There is a long list of useful applications of predictive analytics in sales operations. In principal, at any stage where you can ask yourself whether to proceed or not or how to proceed you could theoretically employ a predictive model.
A very common application is the so called lead scoring. This is all about prioritizing your sales resources. In most sales situations there is a long list of leads in the database. Sales reps plan follow-ups on those leads, make phone calls and visit their prospects and so on. All this is time consuming. So, whenever you spent time on a lead that has a low probability of becoming a customer of yours this will incur opportunity cost - because if you spent your time on a “better” lead you will eventually increase your revenues.
Now, a lead scoring model will evaluate each lead with regards to the probability of conversion. Of course, you can build more complex models like expected lifetime value that a lead will create but the logic that is behind all this is always similar.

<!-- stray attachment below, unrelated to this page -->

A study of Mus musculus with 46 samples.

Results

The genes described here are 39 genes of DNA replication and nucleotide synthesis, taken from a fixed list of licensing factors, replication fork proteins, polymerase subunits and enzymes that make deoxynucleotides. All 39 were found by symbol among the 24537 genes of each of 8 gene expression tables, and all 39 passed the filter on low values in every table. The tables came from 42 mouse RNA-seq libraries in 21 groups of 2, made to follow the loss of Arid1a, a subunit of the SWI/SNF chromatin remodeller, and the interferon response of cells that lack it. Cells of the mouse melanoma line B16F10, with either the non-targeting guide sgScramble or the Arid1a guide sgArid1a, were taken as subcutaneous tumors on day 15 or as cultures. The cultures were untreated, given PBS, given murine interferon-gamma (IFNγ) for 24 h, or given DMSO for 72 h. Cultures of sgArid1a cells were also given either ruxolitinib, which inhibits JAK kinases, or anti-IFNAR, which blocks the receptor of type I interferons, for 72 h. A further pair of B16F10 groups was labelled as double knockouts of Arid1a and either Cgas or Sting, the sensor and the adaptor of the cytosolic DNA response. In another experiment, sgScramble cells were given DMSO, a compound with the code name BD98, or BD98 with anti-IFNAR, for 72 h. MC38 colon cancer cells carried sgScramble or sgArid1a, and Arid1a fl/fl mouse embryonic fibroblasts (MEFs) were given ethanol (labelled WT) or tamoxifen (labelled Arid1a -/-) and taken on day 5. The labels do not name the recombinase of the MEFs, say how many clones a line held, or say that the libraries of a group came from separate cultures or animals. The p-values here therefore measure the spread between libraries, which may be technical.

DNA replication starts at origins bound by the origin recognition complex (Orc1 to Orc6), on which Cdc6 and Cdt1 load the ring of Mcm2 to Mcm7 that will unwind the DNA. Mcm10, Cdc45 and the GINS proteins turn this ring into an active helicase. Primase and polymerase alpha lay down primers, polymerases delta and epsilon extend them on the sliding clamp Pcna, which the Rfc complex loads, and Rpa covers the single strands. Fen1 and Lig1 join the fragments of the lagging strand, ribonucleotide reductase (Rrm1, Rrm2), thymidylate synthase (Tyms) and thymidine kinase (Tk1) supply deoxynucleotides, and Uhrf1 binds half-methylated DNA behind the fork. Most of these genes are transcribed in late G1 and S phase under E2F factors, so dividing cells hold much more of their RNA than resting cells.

Let’s revisit the situation of the sales rep. Usually all the follow-ups and new incoming leads from the marketing department consume the day. This way the sales rep will most likely miss some of the best leads that will fall through the cracks. Making you of lead scoring the predictive model comes up with the so call lead score. So, instead just working through the follow-up list it makes sense to focus on the leads that have a higher probability of conversion.
The gain you expect is hard to predict without knowledge of the current situation. It mainly depends on the quality of the current prioritizing approach. The accuracy of the predictive model is another driver but - unless the data is in a very poor state or unless there is hardly any data - most of the times the predictive model will just do its job.
Depending on your sales process you can have the lead score updated whenever new information is available, e.g. the lead asked for a quote (or has not reacted to a follow-up on a quote).
There are many more applications you could think of. Common tasks are upselling and cross-selling and of re-engaging. In these cases the predictive models will similarly propose which customers are most probable to react positively to your efforts.